The fact that Orange is launching an NFC-enabled Samsung handset underlines the belief that mobile payments is an area full of opportunity and has potential to take a large share of the payments market. Developments that have been made in the area of e-money
only go to highlight the fact that the move towards a cashless society is one that consumers are already embracing and mobile payments is just the natural and inevitable evolution of that. As consumers increasingly look to more convenient ways of paying and
managing their money, mobile payments is the innate choice given that besides your wallet, the mobile phone is the only other thing you daren’t leave your house without. In addition to the mobile wallet, I can envisage other handy payment innovations such
as prepaid cards increase in popularity giving rise to the ‘home ATM’, whereby consumers will top up their electronic cash via their laptops.
Yes there are hurdles, as there is with any form of payment, but they need to be put into context. While the security of contactless payments has been flagged as one of the major barriers to the widespread adoption of this pay-as-you go payment method, we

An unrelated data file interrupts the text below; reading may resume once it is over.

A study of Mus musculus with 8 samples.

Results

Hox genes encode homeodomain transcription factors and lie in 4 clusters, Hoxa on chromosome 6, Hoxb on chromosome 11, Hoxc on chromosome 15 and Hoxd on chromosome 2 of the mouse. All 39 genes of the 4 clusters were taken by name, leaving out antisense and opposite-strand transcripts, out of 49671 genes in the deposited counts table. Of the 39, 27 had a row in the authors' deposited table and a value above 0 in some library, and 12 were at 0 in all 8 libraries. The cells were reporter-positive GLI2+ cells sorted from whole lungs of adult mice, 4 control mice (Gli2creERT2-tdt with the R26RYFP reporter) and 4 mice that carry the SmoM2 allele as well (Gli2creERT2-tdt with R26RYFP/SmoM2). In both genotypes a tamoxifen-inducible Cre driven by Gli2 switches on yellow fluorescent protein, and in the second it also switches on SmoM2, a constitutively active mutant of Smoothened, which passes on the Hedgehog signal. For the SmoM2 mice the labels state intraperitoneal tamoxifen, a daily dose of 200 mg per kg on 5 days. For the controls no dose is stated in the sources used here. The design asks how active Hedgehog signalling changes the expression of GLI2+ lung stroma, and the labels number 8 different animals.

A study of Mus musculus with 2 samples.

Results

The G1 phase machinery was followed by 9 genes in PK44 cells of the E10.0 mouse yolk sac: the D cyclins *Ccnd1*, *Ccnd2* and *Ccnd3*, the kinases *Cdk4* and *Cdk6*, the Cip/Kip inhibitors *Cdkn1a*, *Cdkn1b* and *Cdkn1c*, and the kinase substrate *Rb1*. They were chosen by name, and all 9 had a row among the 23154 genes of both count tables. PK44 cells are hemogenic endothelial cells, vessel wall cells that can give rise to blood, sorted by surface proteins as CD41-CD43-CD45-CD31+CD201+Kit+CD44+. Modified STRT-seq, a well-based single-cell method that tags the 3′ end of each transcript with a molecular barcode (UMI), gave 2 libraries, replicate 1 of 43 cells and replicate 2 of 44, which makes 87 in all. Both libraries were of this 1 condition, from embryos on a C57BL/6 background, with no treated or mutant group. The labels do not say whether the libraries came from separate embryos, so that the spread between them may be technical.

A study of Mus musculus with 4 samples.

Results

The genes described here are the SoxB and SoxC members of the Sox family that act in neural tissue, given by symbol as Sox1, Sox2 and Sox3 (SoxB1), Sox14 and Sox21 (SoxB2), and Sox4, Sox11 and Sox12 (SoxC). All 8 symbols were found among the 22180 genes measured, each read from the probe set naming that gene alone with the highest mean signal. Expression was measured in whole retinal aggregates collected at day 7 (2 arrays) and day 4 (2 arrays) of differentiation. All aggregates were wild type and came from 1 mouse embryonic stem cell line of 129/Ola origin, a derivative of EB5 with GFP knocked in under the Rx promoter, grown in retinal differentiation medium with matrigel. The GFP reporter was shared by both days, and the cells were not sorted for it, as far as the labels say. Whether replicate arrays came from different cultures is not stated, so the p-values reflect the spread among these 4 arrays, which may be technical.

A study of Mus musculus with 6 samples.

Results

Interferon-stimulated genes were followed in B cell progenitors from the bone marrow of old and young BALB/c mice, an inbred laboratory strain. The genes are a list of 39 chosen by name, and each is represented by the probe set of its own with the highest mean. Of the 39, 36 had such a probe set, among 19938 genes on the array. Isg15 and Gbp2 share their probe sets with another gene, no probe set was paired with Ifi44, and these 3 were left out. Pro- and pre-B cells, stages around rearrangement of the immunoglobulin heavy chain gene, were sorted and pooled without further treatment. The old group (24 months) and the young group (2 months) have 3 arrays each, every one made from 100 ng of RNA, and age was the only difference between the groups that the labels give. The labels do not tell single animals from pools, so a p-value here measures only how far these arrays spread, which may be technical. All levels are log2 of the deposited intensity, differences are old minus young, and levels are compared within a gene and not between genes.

actually need a touch of realism, here. If you take cash out from an ATM and lose your wallet you lose it, period. Surely the best use of these new technologies is that as or PC becomes an ATM, on the kitchen table in my house today, we can transfer the cash
we require to our phones as we choose. Of course I may lose my phone and someone may find it and get a few free cups of coffee, but they won’t find my credit cards. And if I do lose my phone I can get all the unspent cash back, unlike of course the position
with my wallet,
In 2001 I created the Internet Payments guarantee at Worldpay and today we are repeating the exercise with VoicePay, and whilst I am fortunate that I already have my own in home ATM, we urgently need wider consumer adoption to drive the business uptake,
as I still had to have £2.70 for a large cappuccino this morning!